What to Expect


Weight Loss

The first step toward your weight loss goals begins with learning more about bariatric surgery. For the most successful results, our patients need to take important steps to adjust their lifestyle, with comprehensive preparation and ongoing support from our staff.

Here’s what you can expect before and after your procedure.

Medical Nutrition Therapy for Weight Loss Patients

Once you have decided to have weight loss surgery, you must attend our medical nutrition therapy. We provide six consecutive months of free nutrition education, taught by one of our registered dietitians or physicians.

Our nutrition education program meets the requirements of most health insurance plans that cover weight loss surgery. Contact your health insurance company to find out what your nutrition education requirements are.

Medical Nutrition Therapy: What We Cover

Our goal is to improve your current health and help you prepare for the many lifestyle changes after bariatric surgery. Our experts provide information to:

food journal

  • Help you develop small, specific and consistent goals for healthy weight loss
  • Support you before surgery in making realistic lifestyle changes
  • Educate you on postoperative bariatric surgery recovery
  • Inspire you to achieve long-lasting weight maintenance

Some of the specific topics we cover at our nutrition therapy sessions include:

  • A food diary to track your food intake
  • Exercise for all stages of your recovery after surgery, including life-long fitness
  • Hydration (water intake) and vitamins
  • Mindful eating to recognize true hunger
  • Portion control to understand serving size

Guidelines for Nutrition Therapy Appointments

  • Please arrive on time. If you are going to be more than 10 minutes late, do not come. Please call our office to reschedule at 1-800-492-5538.
  • Do not bring children.
  • Complete all paperwork before class.

Requirements for Health Insurance Coverage

If your health plan covers your weight loss surgery, the insurance companies require specific details in each note to document your medical nutrition therapy. Each monthly note must contain:

  • Patient’s full name
  • Date of therapy appointment
  • Current weight and weight change since previous appointment
  • Current diet
  • Your nutrition education
  • Adherence to your medical nutrition program
  • Recommendations for progress
  • Physician’s signature

Our registered dietitian, Mary Beth Sodus, works with patients throughout their bariatric surgery process. Here she offers advice based on her years of experience helping patients build a healthy life.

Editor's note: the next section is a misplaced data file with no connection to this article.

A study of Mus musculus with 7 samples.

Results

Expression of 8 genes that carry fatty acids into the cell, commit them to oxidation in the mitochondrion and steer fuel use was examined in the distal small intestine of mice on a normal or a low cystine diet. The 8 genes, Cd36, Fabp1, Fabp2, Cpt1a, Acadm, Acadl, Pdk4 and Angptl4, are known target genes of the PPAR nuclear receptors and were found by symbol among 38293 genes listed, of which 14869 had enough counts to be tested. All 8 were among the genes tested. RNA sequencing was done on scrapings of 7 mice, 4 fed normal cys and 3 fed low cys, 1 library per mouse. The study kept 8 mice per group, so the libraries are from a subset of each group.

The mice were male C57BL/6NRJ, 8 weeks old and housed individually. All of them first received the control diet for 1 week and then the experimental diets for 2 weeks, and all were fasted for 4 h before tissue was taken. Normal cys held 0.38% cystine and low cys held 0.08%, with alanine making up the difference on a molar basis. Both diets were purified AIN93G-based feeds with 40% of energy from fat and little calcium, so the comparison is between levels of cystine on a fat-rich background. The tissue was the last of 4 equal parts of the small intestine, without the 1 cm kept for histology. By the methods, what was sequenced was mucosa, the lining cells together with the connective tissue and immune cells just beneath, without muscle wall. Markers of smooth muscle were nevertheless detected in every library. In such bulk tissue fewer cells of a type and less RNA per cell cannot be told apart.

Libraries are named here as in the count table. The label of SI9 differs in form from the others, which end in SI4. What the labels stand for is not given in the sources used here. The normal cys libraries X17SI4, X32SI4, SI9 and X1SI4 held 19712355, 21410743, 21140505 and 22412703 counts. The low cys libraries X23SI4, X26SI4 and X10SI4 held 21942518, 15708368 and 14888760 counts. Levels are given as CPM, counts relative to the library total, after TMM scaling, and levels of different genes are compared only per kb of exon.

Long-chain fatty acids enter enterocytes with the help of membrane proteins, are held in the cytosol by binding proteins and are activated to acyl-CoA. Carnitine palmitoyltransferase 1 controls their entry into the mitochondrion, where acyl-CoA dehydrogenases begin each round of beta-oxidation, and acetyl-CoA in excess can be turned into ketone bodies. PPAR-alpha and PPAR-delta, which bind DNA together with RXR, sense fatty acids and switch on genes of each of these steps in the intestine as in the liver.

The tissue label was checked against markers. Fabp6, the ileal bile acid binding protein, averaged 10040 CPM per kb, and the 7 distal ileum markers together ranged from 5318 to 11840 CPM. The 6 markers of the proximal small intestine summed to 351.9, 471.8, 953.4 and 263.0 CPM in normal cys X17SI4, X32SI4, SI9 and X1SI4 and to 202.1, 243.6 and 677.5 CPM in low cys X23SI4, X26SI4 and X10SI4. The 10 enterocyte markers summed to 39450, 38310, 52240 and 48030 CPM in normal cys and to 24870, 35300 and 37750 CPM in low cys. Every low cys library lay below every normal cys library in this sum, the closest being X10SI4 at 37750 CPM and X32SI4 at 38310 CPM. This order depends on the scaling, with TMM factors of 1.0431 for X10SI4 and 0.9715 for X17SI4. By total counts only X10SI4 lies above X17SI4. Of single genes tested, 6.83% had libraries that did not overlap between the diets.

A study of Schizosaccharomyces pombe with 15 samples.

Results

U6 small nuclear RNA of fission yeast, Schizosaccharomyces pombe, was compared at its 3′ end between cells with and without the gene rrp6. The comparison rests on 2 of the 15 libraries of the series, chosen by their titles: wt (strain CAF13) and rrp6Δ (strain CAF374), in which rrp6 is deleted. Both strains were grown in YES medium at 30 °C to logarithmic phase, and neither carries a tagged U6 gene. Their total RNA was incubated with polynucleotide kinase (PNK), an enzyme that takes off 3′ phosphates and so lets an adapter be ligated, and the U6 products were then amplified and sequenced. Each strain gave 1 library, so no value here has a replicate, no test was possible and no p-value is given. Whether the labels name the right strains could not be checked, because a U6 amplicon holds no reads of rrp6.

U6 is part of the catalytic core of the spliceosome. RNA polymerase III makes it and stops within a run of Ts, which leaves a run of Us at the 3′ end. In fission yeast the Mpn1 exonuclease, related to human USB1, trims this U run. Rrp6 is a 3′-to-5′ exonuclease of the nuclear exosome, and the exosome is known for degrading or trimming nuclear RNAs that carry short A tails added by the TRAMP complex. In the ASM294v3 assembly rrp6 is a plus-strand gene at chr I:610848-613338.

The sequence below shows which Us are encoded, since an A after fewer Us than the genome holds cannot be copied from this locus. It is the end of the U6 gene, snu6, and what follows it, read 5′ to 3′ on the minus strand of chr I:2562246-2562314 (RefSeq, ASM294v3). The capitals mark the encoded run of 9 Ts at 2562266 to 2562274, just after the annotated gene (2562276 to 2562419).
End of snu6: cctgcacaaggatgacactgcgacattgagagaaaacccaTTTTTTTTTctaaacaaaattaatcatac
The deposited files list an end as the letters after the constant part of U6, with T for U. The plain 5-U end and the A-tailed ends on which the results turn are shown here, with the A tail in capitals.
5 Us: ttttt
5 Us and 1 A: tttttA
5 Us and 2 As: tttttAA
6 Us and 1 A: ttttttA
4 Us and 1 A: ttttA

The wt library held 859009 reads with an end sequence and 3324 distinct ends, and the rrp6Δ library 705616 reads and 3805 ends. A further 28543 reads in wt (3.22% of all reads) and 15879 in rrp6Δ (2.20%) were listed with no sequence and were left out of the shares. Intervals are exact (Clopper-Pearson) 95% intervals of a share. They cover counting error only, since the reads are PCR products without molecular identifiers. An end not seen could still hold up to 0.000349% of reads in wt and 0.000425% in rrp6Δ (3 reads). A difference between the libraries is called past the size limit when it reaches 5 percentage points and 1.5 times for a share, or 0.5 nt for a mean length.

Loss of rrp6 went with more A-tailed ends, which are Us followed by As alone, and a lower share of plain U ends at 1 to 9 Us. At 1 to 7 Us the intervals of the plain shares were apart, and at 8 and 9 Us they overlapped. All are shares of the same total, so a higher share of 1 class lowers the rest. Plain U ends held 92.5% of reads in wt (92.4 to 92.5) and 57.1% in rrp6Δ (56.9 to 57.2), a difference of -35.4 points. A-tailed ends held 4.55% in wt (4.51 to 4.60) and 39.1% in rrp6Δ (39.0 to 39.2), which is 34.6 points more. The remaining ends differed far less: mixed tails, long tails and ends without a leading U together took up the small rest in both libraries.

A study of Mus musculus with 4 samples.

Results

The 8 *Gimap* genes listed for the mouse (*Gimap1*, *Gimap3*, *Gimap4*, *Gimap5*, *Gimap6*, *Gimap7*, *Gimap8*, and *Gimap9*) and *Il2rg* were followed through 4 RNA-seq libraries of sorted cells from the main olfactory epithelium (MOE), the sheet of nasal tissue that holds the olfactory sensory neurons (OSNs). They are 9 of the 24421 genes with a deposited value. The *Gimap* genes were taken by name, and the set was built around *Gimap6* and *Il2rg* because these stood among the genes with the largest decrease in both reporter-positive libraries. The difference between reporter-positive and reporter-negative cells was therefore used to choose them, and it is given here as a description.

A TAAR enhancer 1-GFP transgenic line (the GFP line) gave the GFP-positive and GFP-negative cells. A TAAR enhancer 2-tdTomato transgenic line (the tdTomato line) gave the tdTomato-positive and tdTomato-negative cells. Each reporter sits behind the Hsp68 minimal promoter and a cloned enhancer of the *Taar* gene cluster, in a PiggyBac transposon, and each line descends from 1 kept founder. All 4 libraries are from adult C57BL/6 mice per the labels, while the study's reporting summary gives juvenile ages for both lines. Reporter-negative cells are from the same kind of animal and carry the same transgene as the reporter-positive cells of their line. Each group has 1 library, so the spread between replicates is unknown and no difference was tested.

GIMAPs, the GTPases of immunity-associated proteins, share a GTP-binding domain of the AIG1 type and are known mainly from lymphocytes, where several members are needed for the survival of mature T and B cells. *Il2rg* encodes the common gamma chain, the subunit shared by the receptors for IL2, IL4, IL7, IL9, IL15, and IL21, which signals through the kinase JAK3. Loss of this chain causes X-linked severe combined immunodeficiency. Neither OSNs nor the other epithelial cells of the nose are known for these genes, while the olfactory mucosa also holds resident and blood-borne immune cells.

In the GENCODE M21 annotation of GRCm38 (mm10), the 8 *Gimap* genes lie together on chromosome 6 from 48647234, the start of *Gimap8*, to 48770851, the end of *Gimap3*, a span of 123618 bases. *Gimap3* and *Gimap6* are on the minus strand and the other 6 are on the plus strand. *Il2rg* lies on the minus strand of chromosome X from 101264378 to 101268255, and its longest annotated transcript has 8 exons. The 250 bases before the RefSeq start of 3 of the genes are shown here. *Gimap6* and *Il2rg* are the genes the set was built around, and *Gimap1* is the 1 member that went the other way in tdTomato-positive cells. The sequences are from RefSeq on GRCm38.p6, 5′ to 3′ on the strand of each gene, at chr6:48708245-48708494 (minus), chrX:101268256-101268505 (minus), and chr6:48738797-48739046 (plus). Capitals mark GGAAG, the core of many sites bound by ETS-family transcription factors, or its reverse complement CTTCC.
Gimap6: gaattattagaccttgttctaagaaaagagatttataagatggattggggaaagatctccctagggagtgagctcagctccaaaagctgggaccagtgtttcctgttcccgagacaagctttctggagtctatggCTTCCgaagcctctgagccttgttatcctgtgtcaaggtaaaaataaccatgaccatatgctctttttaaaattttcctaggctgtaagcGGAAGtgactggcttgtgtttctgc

new life

Adjusting to Life after Bariatric Surgery

If you want weight loss success, you have to fully participate in your recovery. Your new, healthy lifestyle is worth it, but the journey is intense with many changes along the way. To make your life the best it can be, you need to:

  • Deal with changes that may often be difficult
  • Take time every day to reflect on your new self and your new feelings about food
  • Get some physical activity or exercise for about 30 minutes each day

Breaking Bad Eating Habits after Bariatric Surgery

As you welcome your new self, you’ll be saying goodbye to so much. Soon after surgery, many of our patients say that even though they don’t feel constantly hungry (particularly during the first six months), they grieve what it means to lose their appetite. Our weight loss surgery support group can help you deal with these feelings.

Over the years, we’ve learned from our patients about their need to say goodbye to their life before surgery:

  • They tell us that food commercials on TV often trigger old behaviors that must be overcome.
  • They know that no matter how appealing the ads are, fried foods are off the menu, soft drinks are forbidden, and junk food is no longer a choice.
  • Many miss coffee and pastry breaks with friends, or they find themselves remembering the times they took extra helpings or ate a second dinner, just because the food tasted good.

Transforming those old behaviors into a new, healthy lifestyle can cause anxiety, friction and pain. It may help to think of your transformation as heating ore to separate precious metals:

  • Your weight loss surgery is about your physical transformation.
  • You will have a new stomach pouch that helps you feel full with just two to three ounces of food.
  • Your transformation is about a new you that you support by learning and practicing the skills and behaviors of a healthy lifestyle.